First, let me say this post was inspired by a tweet from the CrankyPM asking the following question.
But there are a whole set of laws and rules that virtually all software product managers should know. These will help you in all sorts of situations and certainly are much more applicable than the legal regulations I listed above.
Product Management Axioms
I've got to start with these as they're my rules and there's nothing wrong with a bit of self-promotion. :-)
- Nail it, then Scale it
- Change is a process, not an event
- Every activity is part of a sale
- Think horizontally, act vertically
Newton's First Law (of Motion)
This comes from the world of physics and can be stated as:
A body in motion will stay in motion and a body at rest will stay at rest unless/until external forces are applied to them
In short, things will remain the same until external pressures are applied to them. Can you see how this might apply to the world of Product Management? For example, any product or project will not change it's trajectory until external pressures (market, competition, customer, executive, and most importantly Product Management) are applied to it.
Apply this rule and be the external force that changes the trajectory of that product/project in a positive way!
More commonly known as the 80/20 Rule, this principle originated in 1906, when Italian economist Vilfredo Pareto used it to describe the unequal distribution of wealth in his country. He observed that 80% of the wealth was owned by 20% of the people.
In business, this can be applied in a myriad of ways. Here are a few that are relevant to Product Managers:
- For any given release, 80% of all Engineering resources will be needed to deliver 20% of your P1 requirements
- 80% of your product revenue will be generated by 20% of the sales team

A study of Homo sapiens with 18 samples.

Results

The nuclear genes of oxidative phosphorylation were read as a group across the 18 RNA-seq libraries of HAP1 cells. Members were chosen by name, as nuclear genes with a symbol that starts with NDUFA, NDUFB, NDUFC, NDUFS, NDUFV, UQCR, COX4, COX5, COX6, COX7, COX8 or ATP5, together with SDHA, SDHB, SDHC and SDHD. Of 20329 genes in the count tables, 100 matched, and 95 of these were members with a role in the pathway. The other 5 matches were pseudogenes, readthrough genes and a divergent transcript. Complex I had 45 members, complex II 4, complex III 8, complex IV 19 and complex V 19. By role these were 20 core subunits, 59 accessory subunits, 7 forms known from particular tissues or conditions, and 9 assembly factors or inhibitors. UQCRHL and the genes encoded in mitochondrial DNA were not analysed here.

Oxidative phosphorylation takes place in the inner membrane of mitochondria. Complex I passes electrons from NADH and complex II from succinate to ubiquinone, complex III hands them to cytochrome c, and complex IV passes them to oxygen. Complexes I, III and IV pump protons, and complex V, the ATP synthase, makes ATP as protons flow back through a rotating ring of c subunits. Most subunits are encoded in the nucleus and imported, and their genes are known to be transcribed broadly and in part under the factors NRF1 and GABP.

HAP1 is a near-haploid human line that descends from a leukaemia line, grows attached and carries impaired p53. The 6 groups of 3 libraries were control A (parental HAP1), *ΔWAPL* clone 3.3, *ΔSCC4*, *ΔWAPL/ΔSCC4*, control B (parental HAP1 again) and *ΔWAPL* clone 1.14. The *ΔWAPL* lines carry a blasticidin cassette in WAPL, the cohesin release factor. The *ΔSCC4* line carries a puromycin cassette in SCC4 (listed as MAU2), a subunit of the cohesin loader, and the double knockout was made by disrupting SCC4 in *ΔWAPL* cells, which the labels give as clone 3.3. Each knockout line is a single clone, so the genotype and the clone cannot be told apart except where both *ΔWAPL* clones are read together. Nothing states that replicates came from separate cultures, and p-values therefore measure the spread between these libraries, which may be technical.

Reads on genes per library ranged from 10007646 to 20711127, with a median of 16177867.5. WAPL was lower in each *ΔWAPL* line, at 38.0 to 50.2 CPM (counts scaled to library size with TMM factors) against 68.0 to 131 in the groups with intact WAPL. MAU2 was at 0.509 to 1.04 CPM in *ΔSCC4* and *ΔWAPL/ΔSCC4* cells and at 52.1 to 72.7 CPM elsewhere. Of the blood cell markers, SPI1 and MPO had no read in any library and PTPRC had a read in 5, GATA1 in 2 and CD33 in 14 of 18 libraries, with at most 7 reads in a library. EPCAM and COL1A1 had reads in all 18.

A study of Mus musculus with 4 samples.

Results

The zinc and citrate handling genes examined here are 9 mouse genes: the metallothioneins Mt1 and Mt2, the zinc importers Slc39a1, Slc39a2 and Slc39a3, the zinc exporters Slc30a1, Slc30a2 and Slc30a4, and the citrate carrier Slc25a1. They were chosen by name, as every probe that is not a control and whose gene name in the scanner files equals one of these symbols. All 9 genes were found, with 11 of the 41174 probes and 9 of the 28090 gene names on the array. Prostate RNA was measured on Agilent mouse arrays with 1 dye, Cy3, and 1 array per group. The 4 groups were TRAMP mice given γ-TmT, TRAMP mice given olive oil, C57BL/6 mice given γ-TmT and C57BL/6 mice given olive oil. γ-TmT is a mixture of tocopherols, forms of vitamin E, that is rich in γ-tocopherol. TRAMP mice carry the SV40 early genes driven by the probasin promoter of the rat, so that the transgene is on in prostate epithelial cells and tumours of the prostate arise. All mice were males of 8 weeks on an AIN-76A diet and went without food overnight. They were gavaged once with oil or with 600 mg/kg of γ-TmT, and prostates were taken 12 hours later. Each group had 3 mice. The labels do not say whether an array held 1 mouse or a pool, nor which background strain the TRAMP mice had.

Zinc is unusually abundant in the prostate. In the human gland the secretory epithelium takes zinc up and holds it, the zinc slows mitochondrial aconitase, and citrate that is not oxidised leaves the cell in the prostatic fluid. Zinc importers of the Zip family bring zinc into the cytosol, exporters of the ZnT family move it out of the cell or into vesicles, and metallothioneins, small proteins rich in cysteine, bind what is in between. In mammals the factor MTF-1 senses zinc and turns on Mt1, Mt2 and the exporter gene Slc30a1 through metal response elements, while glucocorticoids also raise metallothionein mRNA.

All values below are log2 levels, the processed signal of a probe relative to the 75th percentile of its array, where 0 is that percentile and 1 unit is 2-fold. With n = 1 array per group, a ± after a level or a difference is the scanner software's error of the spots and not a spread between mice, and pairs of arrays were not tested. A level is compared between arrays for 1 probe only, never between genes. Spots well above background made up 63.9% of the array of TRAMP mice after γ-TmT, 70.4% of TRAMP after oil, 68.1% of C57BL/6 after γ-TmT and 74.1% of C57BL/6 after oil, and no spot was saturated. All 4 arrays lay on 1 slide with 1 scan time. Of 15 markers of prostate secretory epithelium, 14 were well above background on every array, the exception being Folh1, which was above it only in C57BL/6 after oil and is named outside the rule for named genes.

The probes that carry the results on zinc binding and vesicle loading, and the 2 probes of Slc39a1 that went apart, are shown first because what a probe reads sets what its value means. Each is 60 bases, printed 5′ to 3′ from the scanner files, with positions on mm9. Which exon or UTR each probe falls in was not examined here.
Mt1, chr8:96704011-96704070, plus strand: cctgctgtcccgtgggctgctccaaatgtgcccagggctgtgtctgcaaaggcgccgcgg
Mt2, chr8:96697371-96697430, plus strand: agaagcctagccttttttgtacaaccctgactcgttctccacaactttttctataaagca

- 80% of the time you make the right decisions, but people only remember the other 20%
- When creating revenue forecasts, you'll be wrong 80% of the time. The other 20% of the time, Sr. Management will think you are wrong and tell you to raise them
This one needs little explanation. The formal statement is:
If anything can go wrong, it will.
We all know how true this is. There are many variants to this law that PMs should keep in mind. Here are a few.
- Nothing is as easy as it looks.
- Everything takes longer than you think.
- Left to themselves, things tend to go from bad to worse.
- If everything seems to be going well, you have obviously overlooked something.
- Every solution breeds new problems.
Engineer and futurist Roy Amara is credited with the following quote that bears his name:
We tend to overestimate the effect of a technology in the short run and underestimate the effect in the long run.
If I had a dollar for every time I've seen that law upheld...especially the first half. Usually it's a CTO or other similarly minded person waxing eloquently about the tremendous, dare I say "disruptive" impact of their next technological wonder.
Amara's Law is a cautionary one but with a promising outcome, if you have the patience to wait long enough.
I'll continue with more relevent rules and laws in Part 2.